Lawmakers pass Neb. wind energy incentive bill

By GRANT SCHULTE
Associated Press

LINCOLN, Neb. (AP) _ A bill that would use sales tax exemptions to attract wind farms to Nebraska won final approval Wednesday from lawmakers.

Senators passed the measure in an effort to increase wind-energy production in Nebraska, which is trailing Iowa, South Dakota, Wyoming, Colorado and Kansas. Nebraska ranks among the top states nationally in its potential to generate wind power, but 26th in what it can produce right now.

Sen. Ken Haar of Malcolm said Nebraska officials are still "tying our shoes'' for a wind-energy race that already has started.

"If we don't get in this race quickly, the race is going to be over,'' Haar said. "All of the infrastructure, all of the manufacturing will be in place in the other states, and we're going to be left blowing in the wind.''

Sen. Steve Lathrop of Omaha, the lead sponsor, has said the bill is designed to keep Nebraska competitive with other high-wind states that have offered tax incentives. Nebraska currently charges a sales tax on all equipment and materials used in wind-energy projects.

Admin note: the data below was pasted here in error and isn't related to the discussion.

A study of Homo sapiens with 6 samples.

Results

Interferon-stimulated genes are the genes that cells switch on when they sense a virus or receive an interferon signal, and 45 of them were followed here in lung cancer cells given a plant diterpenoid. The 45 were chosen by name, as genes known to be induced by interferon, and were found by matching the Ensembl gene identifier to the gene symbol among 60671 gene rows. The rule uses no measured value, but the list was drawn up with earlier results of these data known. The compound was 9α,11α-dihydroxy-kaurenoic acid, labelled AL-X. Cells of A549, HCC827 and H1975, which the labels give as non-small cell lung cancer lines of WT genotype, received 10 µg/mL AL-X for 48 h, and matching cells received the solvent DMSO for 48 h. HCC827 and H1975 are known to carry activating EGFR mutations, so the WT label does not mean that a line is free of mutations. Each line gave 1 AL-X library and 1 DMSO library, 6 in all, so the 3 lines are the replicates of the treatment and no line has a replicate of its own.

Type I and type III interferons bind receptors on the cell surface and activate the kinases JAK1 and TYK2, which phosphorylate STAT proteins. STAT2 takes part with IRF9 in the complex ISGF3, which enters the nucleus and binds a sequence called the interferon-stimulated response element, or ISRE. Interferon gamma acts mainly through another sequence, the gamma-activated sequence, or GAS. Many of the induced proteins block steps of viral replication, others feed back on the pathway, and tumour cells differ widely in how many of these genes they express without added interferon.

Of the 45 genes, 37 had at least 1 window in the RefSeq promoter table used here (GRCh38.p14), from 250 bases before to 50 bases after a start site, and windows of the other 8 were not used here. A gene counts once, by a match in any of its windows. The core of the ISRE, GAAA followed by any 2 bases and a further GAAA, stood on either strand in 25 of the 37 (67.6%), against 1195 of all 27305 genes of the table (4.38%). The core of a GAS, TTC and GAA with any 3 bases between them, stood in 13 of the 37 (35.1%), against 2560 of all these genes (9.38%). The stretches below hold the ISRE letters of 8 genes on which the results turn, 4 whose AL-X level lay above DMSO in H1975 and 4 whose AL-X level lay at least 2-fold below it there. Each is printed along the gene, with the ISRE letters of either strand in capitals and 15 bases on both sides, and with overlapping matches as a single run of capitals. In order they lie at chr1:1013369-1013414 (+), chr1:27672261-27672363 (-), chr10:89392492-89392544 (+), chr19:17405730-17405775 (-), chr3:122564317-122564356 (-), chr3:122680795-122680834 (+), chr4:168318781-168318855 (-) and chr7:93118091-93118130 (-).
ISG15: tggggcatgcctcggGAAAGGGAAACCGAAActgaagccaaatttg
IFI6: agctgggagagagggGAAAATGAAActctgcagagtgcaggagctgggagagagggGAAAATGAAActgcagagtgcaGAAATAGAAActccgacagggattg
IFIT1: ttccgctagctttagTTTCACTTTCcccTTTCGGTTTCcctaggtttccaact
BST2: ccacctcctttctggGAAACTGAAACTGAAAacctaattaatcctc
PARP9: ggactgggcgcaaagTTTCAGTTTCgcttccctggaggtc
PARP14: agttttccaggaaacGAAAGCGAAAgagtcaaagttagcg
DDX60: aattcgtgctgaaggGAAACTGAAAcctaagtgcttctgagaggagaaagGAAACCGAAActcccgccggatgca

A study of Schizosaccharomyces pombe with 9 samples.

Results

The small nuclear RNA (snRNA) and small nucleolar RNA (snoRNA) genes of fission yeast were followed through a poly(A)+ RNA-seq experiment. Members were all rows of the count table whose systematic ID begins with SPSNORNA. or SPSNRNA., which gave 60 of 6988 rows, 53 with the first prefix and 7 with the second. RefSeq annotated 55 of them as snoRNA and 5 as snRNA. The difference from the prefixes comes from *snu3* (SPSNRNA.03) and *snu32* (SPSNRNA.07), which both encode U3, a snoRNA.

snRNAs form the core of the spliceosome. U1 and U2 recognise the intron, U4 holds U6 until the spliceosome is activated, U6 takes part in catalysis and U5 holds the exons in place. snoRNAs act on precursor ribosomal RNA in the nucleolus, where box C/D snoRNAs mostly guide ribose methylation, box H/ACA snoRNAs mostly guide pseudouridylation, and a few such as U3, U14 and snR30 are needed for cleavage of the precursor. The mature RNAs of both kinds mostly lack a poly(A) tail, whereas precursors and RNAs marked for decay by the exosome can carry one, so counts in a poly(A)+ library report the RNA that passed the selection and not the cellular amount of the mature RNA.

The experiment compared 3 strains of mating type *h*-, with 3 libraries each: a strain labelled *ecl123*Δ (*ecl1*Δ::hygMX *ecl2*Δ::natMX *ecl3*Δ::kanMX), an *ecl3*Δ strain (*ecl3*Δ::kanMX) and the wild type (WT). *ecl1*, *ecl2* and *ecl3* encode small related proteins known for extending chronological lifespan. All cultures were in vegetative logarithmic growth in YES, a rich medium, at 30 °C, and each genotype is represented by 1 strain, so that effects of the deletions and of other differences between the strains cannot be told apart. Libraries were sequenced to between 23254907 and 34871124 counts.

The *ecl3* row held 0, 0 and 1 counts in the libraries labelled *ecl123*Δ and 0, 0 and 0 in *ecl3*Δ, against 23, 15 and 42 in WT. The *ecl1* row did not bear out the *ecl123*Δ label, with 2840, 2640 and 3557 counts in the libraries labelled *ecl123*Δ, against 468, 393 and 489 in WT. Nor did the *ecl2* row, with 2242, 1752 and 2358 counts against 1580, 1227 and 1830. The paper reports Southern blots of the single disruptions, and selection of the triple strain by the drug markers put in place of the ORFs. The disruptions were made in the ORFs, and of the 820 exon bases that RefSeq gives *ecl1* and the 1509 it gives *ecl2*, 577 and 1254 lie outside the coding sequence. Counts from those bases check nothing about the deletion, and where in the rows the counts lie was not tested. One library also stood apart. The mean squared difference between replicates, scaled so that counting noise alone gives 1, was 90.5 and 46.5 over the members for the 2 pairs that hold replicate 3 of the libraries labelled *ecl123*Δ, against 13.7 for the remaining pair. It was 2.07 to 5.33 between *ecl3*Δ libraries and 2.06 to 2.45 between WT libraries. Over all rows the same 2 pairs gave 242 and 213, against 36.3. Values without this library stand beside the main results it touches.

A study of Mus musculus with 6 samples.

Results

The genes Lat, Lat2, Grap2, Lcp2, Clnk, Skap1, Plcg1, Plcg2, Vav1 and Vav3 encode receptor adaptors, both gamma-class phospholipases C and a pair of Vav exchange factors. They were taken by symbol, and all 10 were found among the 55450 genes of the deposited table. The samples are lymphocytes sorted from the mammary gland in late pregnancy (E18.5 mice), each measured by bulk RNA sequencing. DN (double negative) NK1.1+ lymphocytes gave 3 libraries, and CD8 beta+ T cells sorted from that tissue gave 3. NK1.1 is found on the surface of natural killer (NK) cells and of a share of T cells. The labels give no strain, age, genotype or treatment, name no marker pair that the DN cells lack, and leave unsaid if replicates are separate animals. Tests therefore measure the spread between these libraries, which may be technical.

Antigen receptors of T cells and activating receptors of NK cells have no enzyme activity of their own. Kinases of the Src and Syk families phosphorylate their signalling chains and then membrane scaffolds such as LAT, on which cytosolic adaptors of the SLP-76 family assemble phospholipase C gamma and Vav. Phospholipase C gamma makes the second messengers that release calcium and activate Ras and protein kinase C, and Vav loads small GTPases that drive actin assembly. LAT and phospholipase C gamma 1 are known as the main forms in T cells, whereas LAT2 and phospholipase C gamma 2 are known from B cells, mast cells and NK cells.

The vote also came as a Kansas-based company, TradeWind Energy, considers developing a wind farm in Dixon County, near the Iowa and South Dakota border.

Lawmakers also rejected a proposed amendment that would have required companies to use a certain amount of Nebraska-made materials when constructing wind farms. Opponents of the amendment argued that the requirement would make it harder for wind companies to create wind farms in Nebraska, because products made in-state might cost more than those produced elsewhere.

Sen. Jim Smith of Papillion said wind energy in Nebraska, a public power state, could increase the cost for ratepayers. Smith said half of the renewable energy in Iowa is owned by a private utility, the investor-owned MidAmerican Energy.

"Renewables are necessary in a balanced energy portfolio in our state,'' Smith said. "But I'm not a huge fan of renewables or wind if it needlessly increases the cost to Nebraskans without the reliability that we need.''

Republican Gov. Dave Heineman has criticized the bill, saying it extends tax breaks to out-of-state companies. Lathrop, a Democrat, is considering a run for governor in the 2014 election.

The bill would also repeal Omaha's ability to impose a half-cent increase in its local sales tax, based on a law that was approved last year. The wording was added to the bill as part of a compromise with Sen. Ernie Chambers, of Omaha, who vigorously opposed the sales-tax law.